Monday, April 19, 2010

Street Corner Prayers

(photo from
Ok, I have a confession to make, and this is going to sound odd considering my profession...I'm a little uncomfortable praying in public. I know, I shouldn't be, but I am. And here's why. Matthew 6 talks a lot about prayer. That's where "The Lord's Prayer" is, minus the "for thine is the kingdom, and the power, and the glory forever." It's not there.

Matthew 6 is also where we hear Jesus give instructions on how to pray. "And when you pray, do not be like the hypocrites, for they love to pray standing in the synagogues and on the street corners to be seen by men. I tell you the truth, they have received their reward in full. But when you pray, go into your room, close the door and pray to God who is unseen. Then God, who sees what is done in secret, will reward you. And when you pray, do not keep on babbling like pagans, for they think they will be heard because of their many words. Do not be like them, for God knows what you need before you ask."

Why is it that we are afraid to pray in public? At our youth group meetings, we do the "thumbs up" thing and the last one to get their thumbs up blesses the food. Sometimes you would think I was asking them for a kidney or something. Maybe its all the years of watching the dozens of televangelists with their crocodile tears, knowing that it was all just a show. I don't know. I do know that prayer in pubic is something I approach with decorum and respect. Standing as a liason between God and my people is an awesome task, and not one that I take lightly.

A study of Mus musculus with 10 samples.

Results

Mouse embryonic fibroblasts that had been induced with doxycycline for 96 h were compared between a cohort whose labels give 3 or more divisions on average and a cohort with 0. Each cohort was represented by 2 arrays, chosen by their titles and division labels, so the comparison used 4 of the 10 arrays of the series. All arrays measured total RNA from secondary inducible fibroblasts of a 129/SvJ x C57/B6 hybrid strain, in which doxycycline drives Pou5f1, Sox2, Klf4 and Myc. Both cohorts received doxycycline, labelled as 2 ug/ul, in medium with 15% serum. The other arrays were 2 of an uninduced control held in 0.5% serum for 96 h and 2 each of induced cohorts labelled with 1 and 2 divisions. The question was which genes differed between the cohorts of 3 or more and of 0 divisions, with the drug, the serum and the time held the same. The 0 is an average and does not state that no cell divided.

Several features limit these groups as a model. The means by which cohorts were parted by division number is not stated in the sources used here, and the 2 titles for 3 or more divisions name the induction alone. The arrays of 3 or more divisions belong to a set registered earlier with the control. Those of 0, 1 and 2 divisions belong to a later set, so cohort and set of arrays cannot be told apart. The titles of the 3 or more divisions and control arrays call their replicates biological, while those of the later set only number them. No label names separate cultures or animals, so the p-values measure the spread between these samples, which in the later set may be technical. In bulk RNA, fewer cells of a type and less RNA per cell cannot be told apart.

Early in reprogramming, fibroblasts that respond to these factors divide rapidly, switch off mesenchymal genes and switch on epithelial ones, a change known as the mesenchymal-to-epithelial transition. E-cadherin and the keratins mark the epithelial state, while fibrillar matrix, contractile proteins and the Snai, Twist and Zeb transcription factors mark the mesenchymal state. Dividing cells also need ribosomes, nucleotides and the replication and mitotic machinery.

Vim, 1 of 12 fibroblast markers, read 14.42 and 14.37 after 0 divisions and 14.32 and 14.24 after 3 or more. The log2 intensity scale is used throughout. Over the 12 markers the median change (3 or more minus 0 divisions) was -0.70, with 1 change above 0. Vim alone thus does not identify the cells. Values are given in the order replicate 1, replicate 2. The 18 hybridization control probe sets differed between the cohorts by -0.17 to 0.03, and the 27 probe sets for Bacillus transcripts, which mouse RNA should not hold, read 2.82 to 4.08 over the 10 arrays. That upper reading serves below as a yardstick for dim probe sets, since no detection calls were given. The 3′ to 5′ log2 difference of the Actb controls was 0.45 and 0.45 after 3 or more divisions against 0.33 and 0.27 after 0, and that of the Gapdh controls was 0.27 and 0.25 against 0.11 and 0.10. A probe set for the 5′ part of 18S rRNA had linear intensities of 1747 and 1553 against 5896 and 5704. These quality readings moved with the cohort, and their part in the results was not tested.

In our Sunday school class one week, I was asked what my least favorite part of our worship experience was, and my response was the prayers of the people. It's not that I don't think it's important, I do. It's very important. It just makes me nervous. Over 11 years, I have developed a checklist of things I feel need to be covered during that time, and as I am engaged in the pastoral prayer I am subconsciously checking off that list.

Sometimes I wonder if that affects the validity of that moment in worship. Am I giving myself totally to that task, or am I distracted by my nerves and the checklist? Is focusing on doing the pastoral prayer well taking away from the power of the words? I don't really think so. Jesus himself said that God knows what we need before we ask.

I have spent hours in prayer chapels with other folks, and you can tell a lot about a person by the way they pray out loud. I have noticed a few different types of people as we stood huddled in the prayer chapel; there are those who are quiet and humble, knowing only a few words are needed to bend God's ear; there are those who are obviously sincere, respectful of that moment, but not as quiet; and then there are those that just like to hear themselves talk. Those are the ones that insert certain phrases at the end of every thought, such as "Father God," or "Heavenly Father," or something like that. While it might not be a bad thing, personally, I see it as just adding words. I'm guilty sometimes of the same, but do try to keep it in check.

So, don't be afraid of it, God knows what's in your heart. But at the same time public prayer is something to be tempered with awe and self control. Personally, I'm much more comfortable going into my room and closing the door.